Is anybody happy with Obamacare?
President Barack Obama's signature legislation is in trouble. Catholics and Evangelicals are united in their objections that it forces Christians to pay for services they find repugnant and immoral. But they're not the only ones who are unhappy.
BY: Rob Kerby, Senior Editor
“When Jarrett and other liberals rant about companies limiting access to contraception, they’re deliberately misleading the public. Hobby Lobby and other owners can’t take away women’s health care that they never provided!”
Von Zwehl notes that the religious restoration act of 1993 “is aimed at preventing laws which substantially violates a person’s free exercise of religion unless the federal government has a compelling reason to do so. The question Christians across the country need to ask themselves is: Does the federal government have a ‘compelling’ interest in ensuring females have access to contraception and abortion inducing drugs?”
Perkins and Bowman recently commissioned a poll on the abortion-contraception mandate. They found that 59 percent of the country sides with Hobby Lobby, Conestoga Wood and the other companies suing the White House.
Others are seeking relief from the law through the courts, too. Missouri Legislator Paul Wieland and his wife Teresa filed a lawsuit contesting Obamacare’s infringement on their First Amendment rights. The couple is asking the courts to exempt their family from the mandate.
There are tens of millions of Americans across the country who do not have the resources to file individual lawsuits for exemptions. However, they all vote – thus prompting speculation the Obamacare may have cost Democrats their majority in the Senate.
But can Republicans hold onto power in the face of rapidly changing voter demographics?
“There is no better place to look for guidance than America’s first conservatives,” says David Lefer, author of the groundbreaking book The Founding Conservatives. “During the American Revolution the upper class founding conservatives were thrown out of office, as the lower classes got the right to vote for the first time. By the end of the war, the founding conservatives slowly fought their way back to power, finding a new political strategy that appealed to all the people, not just the rich.”
“They advocated for a rising standard of living through free-market capitalism—not radical redistribution of property advocated by the revolutionary left.,” writes Lefer. “They argued that by keeping the nation strong both militarily and economically they would create economic growth for all. Their strategy kept conservatives in power for twenty of the most formative years in American history, allowing conservatives to shape the basic political structures of America, from rewriting state constitutions to drafting the Constitution of the United States.”
And millions of voters who received letters from their providers saying their policies have been canceled because they don’t meet the requirements of the Affordable Care Act are likely to have long memories. Often the letters suggest a “similar” ACA-compliant plan that is a lot more expensive.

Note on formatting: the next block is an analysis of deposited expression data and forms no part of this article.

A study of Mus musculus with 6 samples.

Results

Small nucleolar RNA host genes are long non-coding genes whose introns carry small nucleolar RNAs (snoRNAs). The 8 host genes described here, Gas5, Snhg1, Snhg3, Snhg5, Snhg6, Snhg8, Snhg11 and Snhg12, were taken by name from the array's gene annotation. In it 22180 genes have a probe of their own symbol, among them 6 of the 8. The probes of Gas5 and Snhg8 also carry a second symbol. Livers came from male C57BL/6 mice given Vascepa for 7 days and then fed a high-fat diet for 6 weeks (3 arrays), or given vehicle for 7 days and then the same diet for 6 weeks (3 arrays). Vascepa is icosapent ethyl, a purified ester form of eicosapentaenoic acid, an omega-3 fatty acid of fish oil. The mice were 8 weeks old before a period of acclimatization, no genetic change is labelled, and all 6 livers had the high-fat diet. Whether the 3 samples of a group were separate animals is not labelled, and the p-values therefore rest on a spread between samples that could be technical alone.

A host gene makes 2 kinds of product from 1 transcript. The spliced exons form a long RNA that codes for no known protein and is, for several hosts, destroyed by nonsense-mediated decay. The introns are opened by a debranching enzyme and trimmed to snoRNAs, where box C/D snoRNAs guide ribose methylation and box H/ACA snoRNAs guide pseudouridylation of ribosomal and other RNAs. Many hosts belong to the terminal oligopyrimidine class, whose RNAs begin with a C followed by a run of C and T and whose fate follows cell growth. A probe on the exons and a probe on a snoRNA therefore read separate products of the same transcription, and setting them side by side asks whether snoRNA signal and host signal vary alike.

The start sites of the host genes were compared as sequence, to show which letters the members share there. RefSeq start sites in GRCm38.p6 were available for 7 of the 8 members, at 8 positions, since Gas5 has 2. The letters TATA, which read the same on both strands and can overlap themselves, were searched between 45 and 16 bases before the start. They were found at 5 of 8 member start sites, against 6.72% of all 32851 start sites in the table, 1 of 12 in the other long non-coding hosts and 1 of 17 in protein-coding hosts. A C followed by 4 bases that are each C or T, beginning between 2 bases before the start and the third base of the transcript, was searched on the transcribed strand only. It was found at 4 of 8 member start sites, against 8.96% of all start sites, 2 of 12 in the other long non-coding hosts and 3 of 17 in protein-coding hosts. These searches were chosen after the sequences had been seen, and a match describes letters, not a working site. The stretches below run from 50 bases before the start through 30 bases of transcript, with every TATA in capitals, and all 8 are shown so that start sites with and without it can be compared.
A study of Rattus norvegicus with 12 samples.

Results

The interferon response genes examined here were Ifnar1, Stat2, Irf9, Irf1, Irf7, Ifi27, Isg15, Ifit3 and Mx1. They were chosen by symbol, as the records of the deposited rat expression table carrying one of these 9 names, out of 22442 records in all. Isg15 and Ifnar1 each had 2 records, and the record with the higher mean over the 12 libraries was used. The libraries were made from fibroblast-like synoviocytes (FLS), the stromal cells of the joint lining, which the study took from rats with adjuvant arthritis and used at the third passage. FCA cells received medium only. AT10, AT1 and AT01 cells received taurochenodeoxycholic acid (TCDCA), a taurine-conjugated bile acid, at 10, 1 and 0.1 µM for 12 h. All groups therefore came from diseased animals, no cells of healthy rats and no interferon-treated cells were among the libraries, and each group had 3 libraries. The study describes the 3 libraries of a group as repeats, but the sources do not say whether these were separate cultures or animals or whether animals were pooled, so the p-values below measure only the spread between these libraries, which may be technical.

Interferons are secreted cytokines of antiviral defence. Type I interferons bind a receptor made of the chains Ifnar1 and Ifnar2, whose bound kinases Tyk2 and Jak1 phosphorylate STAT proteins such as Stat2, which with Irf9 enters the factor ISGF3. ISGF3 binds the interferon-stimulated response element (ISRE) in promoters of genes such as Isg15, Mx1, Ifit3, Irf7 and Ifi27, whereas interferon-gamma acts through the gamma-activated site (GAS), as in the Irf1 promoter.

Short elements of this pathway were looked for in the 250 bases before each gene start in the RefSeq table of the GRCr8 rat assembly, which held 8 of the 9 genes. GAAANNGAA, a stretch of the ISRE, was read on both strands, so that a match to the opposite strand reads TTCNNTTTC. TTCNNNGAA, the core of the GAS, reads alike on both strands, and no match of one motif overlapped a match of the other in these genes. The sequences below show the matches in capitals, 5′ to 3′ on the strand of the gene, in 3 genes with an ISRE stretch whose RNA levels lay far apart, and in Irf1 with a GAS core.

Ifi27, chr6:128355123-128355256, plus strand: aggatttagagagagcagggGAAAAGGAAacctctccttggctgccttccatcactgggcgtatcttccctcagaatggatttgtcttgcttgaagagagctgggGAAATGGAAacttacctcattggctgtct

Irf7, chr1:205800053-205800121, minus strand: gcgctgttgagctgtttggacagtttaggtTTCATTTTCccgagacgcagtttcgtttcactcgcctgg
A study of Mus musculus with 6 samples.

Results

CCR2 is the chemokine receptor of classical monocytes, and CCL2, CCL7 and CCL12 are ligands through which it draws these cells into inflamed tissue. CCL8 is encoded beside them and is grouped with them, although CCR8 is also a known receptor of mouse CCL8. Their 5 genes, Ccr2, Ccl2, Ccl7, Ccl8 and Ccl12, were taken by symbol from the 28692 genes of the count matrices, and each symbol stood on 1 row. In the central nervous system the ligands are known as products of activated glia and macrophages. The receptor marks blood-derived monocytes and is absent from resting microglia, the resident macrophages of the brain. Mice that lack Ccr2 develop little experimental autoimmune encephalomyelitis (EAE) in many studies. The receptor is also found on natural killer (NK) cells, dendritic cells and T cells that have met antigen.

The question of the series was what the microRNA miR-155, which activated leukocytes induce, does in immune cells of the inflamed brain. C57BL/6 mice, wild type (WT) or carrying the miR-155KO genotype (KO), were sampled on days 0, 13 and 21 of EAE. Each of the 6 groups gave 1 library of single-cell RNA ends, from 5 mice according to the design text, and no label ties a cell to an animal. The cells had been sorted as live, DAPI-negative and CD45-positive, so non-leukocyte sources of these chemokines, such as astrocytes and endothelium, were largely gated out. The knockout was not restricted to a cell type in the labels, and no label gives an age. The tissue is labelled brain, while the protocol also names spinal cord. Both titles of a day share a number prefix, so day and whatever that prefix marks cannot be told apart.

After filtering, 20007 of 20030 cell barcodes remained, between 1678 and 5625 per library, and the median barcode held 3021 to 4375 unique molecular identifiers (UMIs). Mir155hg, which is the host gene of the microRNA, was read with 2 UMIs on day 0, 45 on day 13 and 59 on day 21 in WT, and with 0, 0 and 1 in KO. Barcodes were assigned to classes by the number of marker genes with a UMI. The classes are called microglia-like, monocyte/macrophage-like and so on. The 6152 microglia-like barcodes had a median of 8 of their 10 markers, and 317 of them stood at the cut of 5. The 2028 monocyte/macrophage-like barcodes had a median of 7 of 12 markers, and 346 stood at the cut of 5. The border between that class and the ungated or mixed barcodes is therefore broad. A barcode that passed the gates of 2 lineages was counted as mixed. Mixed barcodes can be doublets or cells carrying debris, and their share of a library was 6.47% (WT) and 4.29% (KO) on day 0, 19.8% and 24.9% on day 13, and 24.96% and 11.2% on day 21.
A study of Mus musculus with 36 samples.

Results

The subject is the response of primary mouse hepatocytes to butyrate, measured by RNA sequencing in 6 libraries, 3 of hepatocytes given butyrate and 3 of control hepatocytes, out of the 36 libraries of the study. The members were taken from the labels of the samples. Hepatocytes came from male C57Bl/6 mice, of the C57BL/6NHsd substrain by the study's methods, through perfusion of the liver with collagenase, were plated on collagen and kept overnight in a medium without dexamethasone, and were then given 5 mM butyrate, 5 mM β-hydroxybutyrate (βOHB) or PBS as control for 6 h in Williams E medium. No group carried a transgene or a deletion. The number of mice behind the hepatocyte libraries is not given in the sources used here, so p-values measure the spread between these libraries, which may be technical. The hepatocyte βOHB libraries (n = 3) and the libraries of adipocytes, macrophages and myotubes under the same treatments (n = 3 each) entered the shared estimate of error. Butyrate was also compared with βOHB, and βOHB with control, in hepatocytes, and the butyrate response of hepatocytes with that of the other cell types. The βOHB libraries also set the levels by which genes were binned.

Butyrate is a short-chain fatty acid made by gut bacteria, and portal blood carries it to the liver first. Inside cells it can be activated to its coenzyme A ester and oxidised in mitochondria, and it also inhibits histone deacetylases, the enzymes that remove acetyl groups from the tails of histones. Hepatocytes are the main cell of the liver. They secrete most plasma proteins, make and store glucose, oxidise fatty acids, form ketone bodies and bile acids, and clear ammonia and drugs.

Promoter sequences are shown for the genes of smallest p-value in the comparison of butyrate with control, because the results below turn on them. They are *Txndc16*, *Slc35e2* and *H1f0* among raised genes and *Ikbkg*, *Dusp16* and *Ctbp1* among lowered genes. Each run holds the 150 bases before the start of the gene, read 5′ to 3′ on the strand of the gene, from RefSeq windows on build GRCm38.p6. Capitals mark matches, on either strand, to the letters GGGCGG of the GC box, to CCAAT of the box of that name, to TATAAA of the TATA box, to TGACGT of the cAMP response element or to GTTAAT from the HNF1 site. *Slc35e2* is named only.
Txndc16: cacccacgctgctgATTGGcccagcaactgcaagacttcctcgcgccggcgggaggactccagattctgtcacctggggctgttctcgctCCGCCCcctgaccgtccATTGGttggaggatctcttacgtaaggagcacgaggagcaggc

“For most of the recipients these letters are an unwelcome holiday surprise,” says financial counselor Eric Tyson, New York Times bestselling author of Personal Finance For Dummies®, 7th Edition. “They feel blindsided. In many cases they worry about whether they can afford hundreds of dollars more a month in premiums or pay a steeper deductible than before.”
ACA supporters point out that the ACA-compliant “replacement” plans are pricier because they offer more benefits—but many people chose their (now canceled) plans precisely because they didn’t want or need, say, maternity coverage or prescription drug coverage – or because they had religious objections to coverage for abortion, sterilization or contraception. When you pay for your own health insurance you tend to make educated purchasing decisions aimed at conserving costs and getting value for your money, notes Tyson.
“Many of these people are self-employed and have unpredictable cash flows, or perhaps they found the individual marketplace offered a better value than a spouse’s group plan,” he adds. “They deliberately bought high-deductible plans to keep premiums low. Let’s say you’re a middle-aged woman with a home-based business. Since you’re past childbearing age you chose a catastrophic plan without maternity coverage—and now you’re finding out that’s no longer an option. It’s upsetting.”
“The media likes to paint the GOP as a bunch of knuckle-dragging Neanderthals,” notes Perkins, “but Republicans aren’t the ones dragging women by the hair and treating them as single-dimension voters.”
“Obviously, this is a flawed mandate within a flawed law,” says Perkins. “And ironically, it may be doing more to kill health care coverage in the workplace than anything – especially as more employers drop their health care plans rather than submit to the President’s radical agenda.”
But it’s not just the Christians. The medical community is increasingly alarmed, too.
“Thousands of doctors are walking away from the exchange in a large-scale mutiny over the government’s reimbursement rates,” writes Perkins. “In California, where 70 percent of the 104,000 physicians are refusing to participate in Obamacare, practices stand to lose millions of dollars under the state’s bargain basement insurance rates.”
The Washington Examiner‘s Richard Pollack broke it down this way. “In other states, doctors receive between $500 to $700 to perform a tonsillectomy. In California under the state exchange, they get $160.”